Oceans on evolution: you’re doing it wrong

This is another archival repost from the old blog — this one from December 2008.

So, BBC TWO’s Oceans: marine ecology’s answer to Time Team. I get as excited by marine biology as the next nerd, and you don’t have to remind me of the importance of conservation. Somehow, the BBC have even made me feel cynical about these.

In Zanzibar, the team meet Coconut Crabs, and in a typical race-against-the-clock encounter, they have to do some superhero act or other. Meanwhile, the voiceover explains to us that these land crabs are a “species in mid-evolution”. Chez Watt?

Of course, Coconut Crabs are “mid-evolution”. But, just as an advertisement pointing out that this product does X suggests that that product does not, a voiceover stating that this species is “mid-evolution” gives the impression that the species’ mid-evolutionary status somehow sets it apart from the crowd. What extant species is not “mid-evolution”?

Perhaps Coconut Crabs are described as “mid-evolution” because they exhibit a singular rapid observable change, or show diverging populations, or some other interesting phenomenon that I have not thought of? I don’t know. Curious to find out more, I looked on Wikipedia. I learnt that Coconut Crabs can not live in the water — their gills have gone, and in their place are branchiostegal lungs. According to Wikipedia, these organs “can be interpreted as a developmental stage between gills and lungs”. Chez Watt? Didn’t they even think to check their own article on “developmental stage” to check whether the sentence meant anything?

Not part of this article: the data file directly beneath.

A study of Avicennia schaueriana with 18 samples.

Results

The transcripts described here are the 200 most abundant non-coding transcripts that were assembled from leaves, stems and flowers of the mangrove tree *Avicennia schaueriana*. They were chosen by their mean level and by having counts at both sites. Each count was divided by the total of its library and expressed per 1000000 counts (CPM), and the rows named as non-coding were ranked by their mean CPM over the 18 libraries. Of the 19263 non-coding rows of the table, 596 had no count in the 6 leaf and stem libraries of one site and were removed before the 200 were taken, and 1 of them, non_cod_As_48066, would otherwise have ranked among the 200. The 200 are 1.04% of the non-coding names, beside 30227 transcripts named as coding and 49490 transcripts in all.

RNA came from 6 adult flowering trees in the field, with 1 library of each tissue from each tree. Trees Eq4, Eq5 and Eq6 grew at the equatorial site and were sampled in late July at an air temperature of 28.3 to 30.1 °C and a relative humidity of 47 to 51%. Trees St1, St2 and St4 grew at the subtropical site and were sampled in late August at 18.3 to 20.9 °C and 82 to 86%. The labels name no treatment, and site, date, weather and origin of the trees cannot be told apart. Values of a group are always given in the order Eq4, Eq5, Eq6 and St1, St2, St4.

This nonsense is all caused by people assuming that they know what evolution is. To the BBC TWO voiceover writer, evolution is a progression — from microbe to sea dweller to land crawler to globalised post-industrial biped. The Wikipedia editor knows that in the great chain, gills evolve into branchiostegal lungs, and the next step must surely be lungs “proper” like our own. Thus, in a single paragraph one can explain that these crabs are a living transition between sea and land, and also explain that the crabs cannot live in the water, and not even notice that one is talking purest drivel.


How long have biologists been correcting this error, now?